I believe that as a parent, I am selfish. I’m not talking about taking more than my fair share at the dinner table, or making everyone watch the news when they all want to watch a movie. I am referring to my belief that the very act of creating a child is, in fact, the epitome of selfish behavior. Actually, people rarely have children for reasons that aren’t selfish.
My wife Carolyn and I love our two children dearly. My daughter Payton was our first, and with her was created a special bond that I know will hold our family together forever. When my son Hunter came, we counted our blessings and noted how lucky we were to have offspring of each sex. This had been exactly what we were hoping for.
We are lucky, there’s no denying that. Both children are happy and healthy; both exhibit a fervent desire to live and to grow. But what have I to offer them? We’re certainly not wealthy. But then, I’ve never been a very materialistic person. I can only hope that my children won’t be either.
But my belief springs from a deeper well. It is so strong, so compelling, that I feel guilty each and every day. I’ve brought these two lives, two beautiful souls, into a World with misery, starvation, violence, ignorance, disease, disaster — the list goes on. Armed with nothing more than euphemisms and fairy tales — the tools of a storyteller — I am charged with preparing them for the World I have placed them in.
It was I who placed them here, too. We could argue over whether or not God played a starring role but in the end, I am complicit. They were never asked whether they would like to spend the next zero-to-one-hundred years hanging out on this ball of dust and gas somewhere in the Milky Way. They weren’t given the choice of refusing to be born into a system that will require them to labor for their very survival or worse, and far more trivial, for “social acceptance.”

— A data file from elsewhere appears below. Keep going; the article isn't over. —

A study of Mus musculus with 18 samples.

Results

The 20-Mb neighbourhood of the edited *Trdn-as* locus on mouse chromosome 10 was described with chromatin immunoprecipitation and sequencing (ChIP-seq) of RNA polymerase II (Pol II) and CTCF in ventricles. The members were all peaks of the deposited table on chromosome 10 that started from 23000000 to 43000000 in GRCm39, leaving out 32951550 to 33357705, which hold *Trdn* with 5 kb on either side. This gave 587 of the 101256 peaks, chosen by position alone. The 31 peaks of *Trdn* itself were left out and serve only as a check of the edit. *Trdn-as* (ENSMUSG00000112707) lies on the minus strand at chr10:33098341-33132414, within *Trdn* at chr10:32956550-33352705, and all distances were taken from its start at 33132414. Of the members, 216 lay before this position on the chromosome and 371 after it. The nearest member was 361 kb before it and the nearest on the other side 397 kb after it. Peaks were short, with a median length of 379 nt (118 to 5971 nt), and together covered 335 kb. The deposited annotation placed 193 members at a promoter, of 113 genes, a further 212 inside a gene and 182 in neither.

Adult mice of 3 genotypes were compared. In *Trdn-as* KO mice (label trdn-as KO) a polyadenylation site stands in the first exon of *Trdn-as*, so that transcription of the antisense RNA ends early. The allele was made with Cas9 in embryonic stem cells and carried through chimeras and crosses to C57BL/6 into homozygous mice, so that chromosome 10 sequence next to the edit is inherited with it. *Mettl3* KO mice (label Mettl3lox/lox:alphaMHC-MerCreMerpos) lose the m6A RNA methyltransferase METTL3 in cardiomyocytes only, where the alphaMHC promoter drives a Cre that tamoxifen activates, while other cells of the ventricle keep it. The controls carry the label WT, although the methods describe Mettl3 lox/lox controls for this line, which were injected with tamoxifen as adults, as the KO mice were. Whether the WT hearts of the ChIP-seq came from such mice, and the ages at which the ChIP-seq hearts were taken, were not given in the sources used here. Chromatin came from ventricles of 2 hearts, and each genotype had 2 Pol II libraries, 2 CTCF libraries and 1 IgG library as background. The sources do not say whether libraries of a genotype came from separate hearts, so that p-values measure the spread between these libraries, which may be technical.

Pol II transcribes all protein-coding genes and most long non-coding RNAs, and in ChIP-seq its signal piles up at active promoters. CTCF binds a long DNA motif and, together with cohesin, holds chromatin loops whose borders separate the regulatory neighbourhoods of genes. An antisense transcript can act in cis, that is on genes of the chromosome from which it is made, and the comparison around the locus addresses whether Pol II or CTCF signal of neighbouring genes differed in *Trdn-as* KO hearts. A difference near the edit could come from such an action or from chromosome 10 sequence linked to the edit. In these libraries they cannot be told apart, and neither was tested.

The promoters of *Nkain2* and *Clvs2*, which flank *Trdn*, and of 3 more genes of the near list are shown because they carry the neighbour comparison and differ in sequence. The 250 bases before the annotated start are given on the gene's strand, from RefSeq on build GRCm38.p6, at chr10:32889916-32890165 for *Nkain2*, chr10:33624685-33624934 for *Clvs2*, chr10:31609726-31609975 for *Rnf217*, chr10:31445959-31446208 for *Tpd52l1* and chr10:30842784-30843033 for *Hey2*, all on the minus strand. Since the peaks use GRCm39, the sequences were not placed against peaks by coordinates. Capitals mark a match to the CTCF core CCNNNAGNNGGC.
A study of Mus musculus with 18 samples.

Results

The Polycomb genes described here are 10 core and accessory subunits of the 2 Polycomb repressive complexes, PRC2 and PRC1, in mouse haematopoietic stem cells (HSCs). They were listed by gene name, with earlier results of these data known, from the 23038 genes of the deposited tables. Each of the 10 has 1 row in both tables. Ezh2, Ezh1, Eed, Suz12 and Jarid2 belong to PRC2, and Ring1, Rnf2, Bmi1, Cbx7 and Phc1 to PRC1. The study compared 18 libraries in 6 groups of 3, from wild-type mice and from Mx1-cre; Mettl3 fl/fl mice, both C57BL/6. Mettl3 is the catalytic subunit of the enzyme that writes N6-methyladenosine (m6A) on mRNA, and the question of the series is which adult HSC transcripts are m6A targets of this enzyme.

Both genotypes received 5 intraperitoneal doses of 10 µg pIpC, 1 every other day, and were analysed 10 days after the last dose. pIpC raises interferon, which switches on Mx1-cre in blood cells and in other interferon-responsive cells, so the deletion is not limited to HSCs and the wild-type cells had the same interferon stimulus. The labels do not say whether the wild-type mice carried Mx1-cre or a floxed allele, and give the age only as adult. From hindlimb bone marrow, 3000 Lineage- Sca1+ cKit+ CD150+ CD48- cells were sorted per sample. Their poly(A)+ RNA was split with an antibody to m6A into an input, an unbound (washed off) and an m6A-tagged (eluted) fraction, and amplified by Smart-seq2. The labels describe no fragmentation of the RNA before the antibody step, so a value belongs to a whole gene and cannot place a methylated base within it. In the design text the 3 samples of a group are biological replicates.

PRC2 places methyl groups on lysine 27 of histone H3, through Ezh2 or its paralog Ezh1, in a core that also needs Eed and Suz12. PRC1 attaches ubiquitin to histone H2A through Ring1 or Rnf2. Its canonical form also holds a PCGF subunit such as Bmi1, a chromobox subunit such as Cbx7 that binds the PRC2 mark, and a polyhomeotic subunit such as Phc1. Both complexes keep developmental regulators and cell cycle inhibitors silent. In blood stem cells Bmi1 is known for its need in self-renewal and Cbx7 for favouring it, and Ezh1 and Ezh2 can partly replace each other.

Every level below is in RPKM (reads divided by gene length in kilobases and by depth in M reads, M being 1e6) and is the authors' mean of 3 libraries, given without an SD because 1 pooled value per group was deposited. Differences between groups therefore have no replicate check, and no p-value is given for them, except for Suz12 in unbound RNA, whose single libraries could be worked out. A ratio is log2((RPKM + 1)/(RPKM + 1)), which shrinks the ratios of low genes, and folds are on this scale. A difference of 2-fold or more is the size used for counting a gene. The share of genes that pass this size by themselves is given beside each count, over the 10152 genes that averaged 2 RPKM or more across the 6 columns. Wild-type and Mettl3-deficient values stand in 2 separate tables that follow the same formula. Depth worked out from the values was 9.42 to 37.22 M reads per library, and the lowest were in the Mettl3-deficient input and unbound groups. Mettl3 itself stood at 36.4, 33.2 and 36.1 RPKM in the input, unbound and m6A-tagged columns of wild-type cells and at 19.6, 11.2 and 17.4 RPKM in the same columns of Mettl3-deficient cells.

The fact that I derive pleasure from their existence is just the final coat of varnish on an odd and twisted carving. Indeed, my wife and I will take pleasure in all that our children do for years and years to come. But there is no guarantee that they will always be happy. This is, after all, an unfair and unpredictable existence. What can I possibly tell them when the hammer falls on them?
There are good moments in this life. There are even great moments. Then there are the kinds of moments that can take your breath away and leave you in awe of how wonderful and complex life can be. But does it all even out in the end? Can I promise my children, “Everything will be alright,” without making myself a liar? Will I comply with my duty to admit to them that which I believe?